We have long seen those speculations on the house prices and mortgage interest rates. There is reasonable basis to believe that the house prices are – to some extent – being skewed by the low interest rates. The question was always – how exactly they are related?
The major difference between a consumer loan like credit line or credit card and mortgage is that a mortgage amortizes over a very long period of time. The issue with the short term (supposedly) consumer loan is that it tend to last for ever.
In old days, the fear of future interest rate hike always scared consumers to pay off those loans quickly. Now, the excuse of weak global economy kept the printing machine on overtime – for more than a year – consumers are getting used to with it.
Whatever the case is, we never like to pay too much interest. So, we started to consolidate our debts – meaning, we paid off credit cards loans by borrowing from low interest credit lines.
Noticing that, some people thought why not use that credit line for something else? Therefore consumers started to borrow from credit line – often backed by the home – and started using that money to buy another investment home or a vacation or RRSP and for many other purposes.
Finally the government said enough is enough, as they did not want this popular public habit to add risk to public pocket, thus they stopped insuring those HELOCS.
Borrowers and lenders, both, proved to be very creative. Once the existing mortgage is up for renewal people started to refinance their homes and flow of money never stopped.
As we said earlier – when you borrow money – money is born – and when you pay off the loan – money is destroyed. Technically there should be nothing called “Dead Money” – as once phrased by Mark Carney. When loans are paid off – reserve ratios of the lenders go up. Since lenders are under constant pressure to boost their quarterly dividends – they thought of un-secured credit lines as one of the many ways to send that money back into the market. OSFI intervened and tried to control this type of lending too.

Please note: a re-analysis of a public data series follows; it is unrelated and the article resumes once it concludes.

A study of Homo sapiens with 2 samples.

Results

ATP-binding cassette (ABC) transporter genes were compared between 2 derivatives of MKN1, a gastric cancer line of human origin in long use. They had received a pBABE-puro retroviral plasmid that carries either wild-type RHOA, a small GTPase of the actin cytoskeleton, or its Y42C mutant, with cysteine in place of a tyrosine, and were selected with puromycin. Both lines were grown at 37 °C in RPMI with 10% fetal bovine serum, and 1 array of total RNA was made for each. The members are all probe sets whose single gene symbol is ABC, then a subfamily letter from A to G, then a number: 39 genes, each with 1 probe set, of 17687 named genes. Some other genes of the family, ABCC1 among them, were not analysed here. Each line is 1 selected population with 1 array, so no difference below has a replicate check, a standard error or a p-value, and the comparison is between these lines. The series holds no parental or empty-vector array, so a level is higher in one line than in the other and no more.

The household lending in Canada is larger than business lending (RBC). Residential mortgage is two third of total household debt and the remaining third is credit cards and credit lines. A big pie indeed. But people already have debt, how would they put the down payment to buy that home? Well, you still can make a down-payment by borrowing the amount (McLister)
The circle of borrowing money to borrow more is healthy till the interest rates start to go up. This far BoC only managed to keep the rate same for couple of years, forget about raising it. We all now are comfortable with the idea of happy borrowing and if someone talks about raising rate – who know how public will react in the polling booths.
So, if you are desperate to purchase a home then your affordability depends on the amount of down payment you can make. More credit line will give more down payments – right? Finally our non-mortgage loan drives the amount of our mortgage. In reality the amount of down-payment becomes the main question not the house price.
The BoC working paper was about the relationship between house value and non-mortgage debt. The main conclusion of the paper was that the house prices are positively connected with the non-mortgage debts. Meaning, that you borrow more against your home on a HELOC and you get to borrow more if your house value is higher.
The only issue here is that the data and survey data are old – from 2007. In this six years many things have changed except people.